Climate change to expand impacts of El Nino/La Nina extremes

Australia, South America and Equatorial Africa are in the firing line for more extreme weather, as global warming looks set to increase the area of land affected by El Niño-Southern Oscillation (ENSO), better known as El Niño and La Niña events.

ENSO events already have significant impacts on economies, affecting fire seasons, flooding, crop yields, cyclone activity, coral bleaching and infrastructure.

New research published by ARC Centre of Excellence for Climate System Science investigators in Geophysical Research Letters, finds global warming could cause a 20% increase in the areas impacted by temperatures changes and extremes during ENSO events and a 10% increase in the areas impacted by precipitation changes during ENSO events.

Models suggest that most of these changes would occur in just three areas (Australia, South America and Equatorial Africa), although precipitation changes could also occur in northeast United States and across the Maritime Continent to the north of Australia.

“Previous research strongly suggested the atmospheric response to ENSO would intensify over the tropical ocean as the world warmed,” said lead author and PhD student from the University of New South Wales Sarah Perry.

“Our new work suggests that in the future we will not only see an increase in the intensity of ENSO impacts over the ocean, but these impacts of La Niña and El Niño would be felt over a more extensive area of land, including over Australia, South America and Africa.”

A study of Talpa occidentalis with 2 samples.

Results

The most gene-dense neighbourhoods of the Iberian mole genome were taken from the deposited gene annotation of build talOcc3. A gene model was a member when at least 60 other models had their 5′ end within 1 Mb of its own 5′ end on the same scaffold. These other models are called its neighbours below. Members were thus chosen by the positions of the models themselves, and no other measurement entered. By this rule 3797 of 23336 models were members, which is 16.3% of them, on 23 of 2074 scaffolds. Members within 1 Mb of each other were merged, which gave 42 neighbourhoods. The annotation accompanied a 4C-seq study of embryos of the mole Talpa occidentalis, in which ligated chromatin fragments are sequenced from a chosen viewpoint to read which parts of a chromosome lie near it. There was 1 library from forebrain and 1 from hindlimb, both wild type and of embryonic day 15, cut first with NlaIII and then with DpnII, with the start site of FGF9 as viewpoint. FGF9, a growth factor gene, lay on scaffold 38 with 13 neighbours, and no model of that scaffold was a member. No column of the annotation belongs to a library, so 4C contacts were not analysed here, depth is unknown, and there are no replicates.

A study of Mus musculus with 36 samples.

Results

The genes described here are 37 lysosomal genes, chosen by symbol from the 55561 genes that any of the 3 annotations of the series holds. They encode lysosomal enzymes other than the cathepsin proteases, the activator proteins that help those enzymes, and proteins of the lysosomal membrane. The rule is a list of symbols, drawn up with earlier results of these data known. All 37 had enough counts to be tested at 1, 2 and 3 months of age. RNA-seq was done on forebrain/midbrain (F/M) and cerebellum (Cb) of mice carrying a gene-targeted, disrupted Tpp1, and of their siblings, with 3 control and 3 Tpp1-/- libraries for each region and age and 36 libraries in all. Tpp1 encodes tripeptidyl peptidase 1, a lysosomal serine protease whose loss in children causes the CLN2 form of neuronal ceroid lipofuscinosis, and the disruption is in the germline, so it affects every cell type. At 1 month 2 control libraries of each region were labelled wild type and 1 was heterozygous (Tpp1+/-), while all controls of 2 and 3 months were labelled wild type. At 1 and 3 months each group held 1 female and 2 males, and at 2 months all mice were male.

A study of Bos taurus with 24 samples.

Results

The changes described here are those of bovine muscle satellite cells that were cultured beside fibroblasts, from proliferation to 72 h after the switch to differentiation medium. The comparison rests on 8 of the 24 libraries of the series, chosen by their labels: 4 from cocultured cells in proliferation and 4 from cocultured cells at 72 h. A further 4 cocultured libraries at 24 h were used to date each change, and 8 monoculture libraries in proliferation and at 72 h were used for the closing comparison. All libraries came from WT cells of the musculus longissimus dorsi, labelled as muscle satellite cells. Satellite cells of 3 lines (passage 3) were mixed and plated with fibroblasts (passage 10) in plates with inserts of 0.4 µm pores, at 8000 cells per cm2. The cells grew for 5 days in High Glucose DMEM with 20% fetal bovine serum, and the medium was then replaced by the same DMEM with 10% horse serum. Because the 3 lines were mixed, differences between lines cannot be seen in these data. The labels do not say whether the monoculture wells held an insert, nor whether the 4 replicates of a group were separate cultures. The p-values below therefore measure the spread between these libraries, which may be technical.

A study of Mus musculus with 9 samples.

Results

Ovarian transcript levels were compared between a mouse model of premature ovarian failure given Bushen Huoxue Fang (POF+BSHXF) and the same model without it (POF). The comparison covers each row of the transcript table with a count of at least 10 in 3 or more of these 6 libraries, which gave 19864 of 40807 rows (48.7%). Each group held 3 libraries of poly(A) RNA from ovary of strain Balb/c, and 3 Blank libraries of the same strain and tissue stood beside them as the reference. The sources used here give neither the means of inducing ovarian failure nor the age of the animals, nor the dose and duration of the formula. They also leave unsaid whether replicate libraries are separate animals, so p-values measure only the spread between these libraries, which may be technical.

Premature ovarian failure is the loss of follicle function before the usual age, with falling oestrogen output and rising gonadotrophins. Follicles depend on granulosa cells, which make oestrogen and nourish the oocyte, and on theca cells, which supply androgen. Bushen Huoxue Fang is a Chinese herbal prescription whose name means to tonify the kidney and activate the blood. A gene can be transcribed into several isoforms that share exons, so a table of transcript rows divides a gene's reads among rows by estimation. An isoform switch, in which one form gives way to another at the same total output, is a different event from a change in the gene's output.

The global study compared two 50-year periods simulated with 40 climate models to get its results. The first period (1953-2002) overlapped with observations, which were also used to test the models’ skill in simulating ENSO impacts. It then compared these with climate model projections for the period 2040-2089 under a business as usual scenario (RCP 8.5).

The key difference between the two periods was warmer background sea surface temperatures. This warming allows strong convection over the tropical Pacific Ocean to form more easily during ENSO events, which intensifies and expands existing atmospheric connections.

“This is a classic example of how changes to climate in one area can affect areas half a world away, although the next big question is whether climate change may bring ENSO impacts to entirely new regions,” said fellow author Dr Shayne McGregor from Monash University.

“It is quite possible that ENSO impacts will not simply expand and intensify the current connections but could also form new atmospheric connections bringing ENSOs impacts to places that have never before been affected.”


  • Perry, S. J., McGregor, S., Gupta, A. S., & England, M. H. (2017). Future changes to El Niño–Southern Oscillation temperature and precipitation teleconnections. Geophysical Research Letters, 44, 10,608–10,616.